Chandima Rajapatirana uses facilitated communication to speak with his mother, Anoja, who is also one of his facilitators.

Why autistic children struggle to speak is something of a mystery. Many autistic children learn to speak late and only with intensive language therapy. Some never learn. This is not true, however, of those with Asperger's syndrome, a milder form of autism. Children with Asperger's tend to be almost hyperfluent—or as one such child put it to me in an interview, "I talk like a dictionary."

Those with classic autism often talk more like a balky tape recorder. They may be limited to echolalia — repeating words from songs, television and the environment — in meaningless ways, or lapse into making growling incoherent sounds. Chandima Rajapatirana, a 32-year-old autistic man from Potomac, Md., writes about how hard it is for him to coordinate the working parts of his body and brain to produce speech. He and others have expressed the anxiety they feel about trying to speak and failing. Jamie Burke, a 19-year-old high school senior from Syracuse, N.Y., puts it this way: "The fears that live in the silly-sounding voice made me feel like people would laugh at me."

Jamie didnít tell me this in spoken words. I watched him type his answers to my questions using a lightweight keyboard. His mom, Sheree, held the keyboard as Jamie typed one-handed. After he finished each answer, he would read it to me aloud. He speaks clearly with good intonation and has worked hard to achieve this, but he still finds it difficult to speak without typing first.

I met Jamie Burke and Chandima Rajapatirana earlier this year at a Syracuse University training session for people interested in learning facilitated communication. FC is a highly controversial technique for helping people with limited or no speech learn to communicate, generally using a keyboard and the help of a human facilitator for both physical and emotional support. It originated in Australia in the late 1970s and was first used for children with cerebral palsy, among other disorders. Both Burke and Rajapatirana had their moms serving as facilitators in our interviews. When Jamie types one-handed, Sheree Burke holds the keyboard. When he types with two hands on a table, she stands behind him touching the back of his shoulders. Rajapatirana also has his mom lightly touching his shoulders or waist as he types. But many others who rely on FC require a lot more hand-holding. Some are physically supported by their facilitator at the forearm or shoulder; some are held at the wrist.

What's so controversial about FC? A preponderance of studies have found that the ideas being expressed are not those of the person with autism but rather those of the facilitator. In several studies, only a small percentage of FC users were conclusively shown to be expressing independent thoughts. In some studies where the facilitator and FC user were separated, given different sets of information and then asked questions about it, it was facilitator's information that was more often expressed in typing, though the facilitators are often unaware that they are leading, says James Mulick, professor of pediatrics and psychology at Ohio State University and co-author of research debunking FC.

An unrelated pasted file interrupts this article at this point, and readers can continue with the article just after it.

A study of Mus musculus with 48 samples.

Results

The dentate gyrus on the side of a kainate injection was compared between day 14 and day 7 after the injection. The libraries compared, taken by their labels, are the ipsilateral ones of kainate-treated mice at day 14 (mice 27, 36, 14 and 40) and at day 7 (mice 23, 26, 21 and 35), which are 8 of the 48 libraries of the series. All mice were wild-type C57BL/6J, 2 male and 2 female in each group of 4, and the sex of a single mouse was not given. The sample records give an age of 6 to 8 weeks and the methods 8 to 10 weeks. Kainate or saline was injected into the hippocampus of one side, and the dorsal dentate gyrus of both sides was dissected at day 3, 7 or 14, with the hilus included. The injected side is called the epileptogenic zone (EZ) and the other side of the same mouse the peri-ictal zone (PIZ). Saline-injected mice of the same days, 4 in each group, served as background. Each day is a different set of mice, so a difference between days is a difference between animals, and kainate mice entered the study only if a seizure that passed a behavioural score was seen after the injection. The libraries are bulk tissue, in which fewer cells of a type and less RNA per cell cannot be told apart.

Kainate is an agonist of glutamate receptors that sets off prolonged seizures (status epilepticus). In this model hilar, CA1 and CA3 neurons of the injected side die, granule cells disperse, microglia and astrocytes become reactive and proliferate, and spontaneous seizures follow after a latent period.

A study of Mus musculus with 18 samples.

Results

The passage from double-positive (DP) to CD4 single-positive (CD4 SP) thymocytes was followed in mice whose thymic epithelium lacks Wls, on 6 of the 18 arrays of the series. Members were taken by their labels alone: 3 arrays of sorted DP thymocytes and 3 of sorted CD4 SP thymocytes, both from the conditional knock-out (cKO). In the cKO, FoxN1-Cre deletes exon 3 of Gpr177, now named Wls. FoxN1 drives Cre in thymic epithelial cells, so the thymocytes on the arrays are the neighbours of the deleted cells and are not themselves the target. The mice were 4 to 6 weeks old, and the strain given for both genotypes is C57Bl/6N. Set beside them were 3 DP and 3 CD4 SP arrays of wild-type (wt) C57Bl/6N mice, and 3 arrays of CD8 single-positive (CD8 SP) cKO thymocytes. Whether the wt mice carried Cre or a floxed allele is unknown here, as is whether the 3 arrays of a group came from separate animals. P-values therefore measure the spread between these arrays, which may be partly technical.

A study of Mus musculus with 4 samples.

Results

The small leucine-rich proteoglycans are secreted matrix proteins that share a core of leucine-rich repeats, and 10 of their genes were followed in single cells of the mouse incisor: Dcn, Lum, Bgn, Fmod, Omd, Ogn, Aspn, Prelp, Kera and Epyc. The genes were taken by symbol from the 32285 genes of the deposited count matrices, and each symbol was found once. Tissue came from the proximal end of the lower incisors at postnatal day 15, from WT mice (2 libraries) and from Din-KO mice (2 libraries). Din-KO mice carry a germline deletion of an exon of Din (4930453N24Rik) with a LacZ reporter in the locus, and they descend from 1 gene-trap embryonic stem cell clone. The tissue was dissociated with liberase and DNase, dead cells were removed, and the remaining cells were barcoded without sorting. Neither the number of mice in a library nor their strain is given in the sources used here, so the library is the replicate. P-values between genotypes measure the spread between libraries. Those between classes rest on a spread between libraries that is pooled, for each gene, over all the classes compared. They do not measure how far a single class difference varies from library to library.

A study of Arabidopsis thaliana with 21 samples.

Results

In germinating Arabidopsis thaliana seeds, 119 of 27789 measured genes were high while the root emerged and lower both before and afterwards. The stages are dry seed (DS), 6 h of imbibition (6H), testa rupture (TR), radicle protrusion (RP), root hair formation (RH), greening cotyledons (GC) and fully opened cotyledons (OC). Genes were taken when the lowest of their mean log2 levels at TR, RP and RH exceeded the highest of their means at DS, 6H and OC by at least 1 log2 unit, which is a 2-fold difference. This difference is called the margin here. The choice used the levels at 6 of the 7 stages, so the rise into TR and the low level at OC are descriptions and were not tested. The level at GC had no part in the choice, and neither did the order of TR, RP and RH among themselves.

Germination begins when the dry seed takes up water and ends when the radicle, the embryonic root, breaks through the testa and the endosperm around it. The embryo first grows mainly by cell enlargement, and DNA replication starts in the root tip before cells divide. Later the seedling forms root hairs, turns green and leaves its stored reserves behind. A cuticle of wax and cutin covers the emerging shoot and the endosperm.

What then to make of what I saw at Syracuse, which has an FC institute? "You are simply being deceived," says Mulick. "But donít feel bad. Even some behavioral scientists have been deceived."

Proponents of FC concede that when FC is done improperly, the facilitator can take over. They also say that people who are severely autistic respond poorly to the lab setting. And they point to examples like Burke and Rajapatirana, who are not held by the hand or wrist — though both did require that degree of support when they began using the technique.

To get more insight into the controversy, I asked one of the FC users at the conference, Tracy Thresher of Vermont, if I might take a stab at facilitating. Thresher agreed, and an experienced facilitator named Harvey Lavoy coached me. I held Thresherís wrist as he typed answers to my questions. I found that I had to constantly pull his hand back away from the keyboard with a steady pressure. At no point did I feel that I was leading him toward the keys, nor did I know the answers to the questions I was asking him. He answered some clearly, and others less coherently.

I can imagine that facilitators with a close, loving relationship to the person using FC might inadvertently lead them by the hand and, in this sense, put words in their mouths. But at Syracuse, I became convinced that at least some FC is for real, and for someone with no other form of communication, it can be life-altering.

Rajapatirana's mother, Anoja, told me that her son suffers from seizures, as do many autistic people. For years, she would crush up his medication and put it in his food, because he couldn't swallow the pills. "One day, he had a headache, and he just swallowed a Tylenol," she recalls. Anoja, amazed, asked him why he had gulped down the Tylenol but had never been able to swallow the seizure medication. He answered, typing, she says, that "he thought that if he didnít take the pills, maybe he would die." The Rajapatiranas shared this thought from Chandima (though to be honest, I didnít witness him typing it): "FC doesnít cure you, but it gives you a reason to live."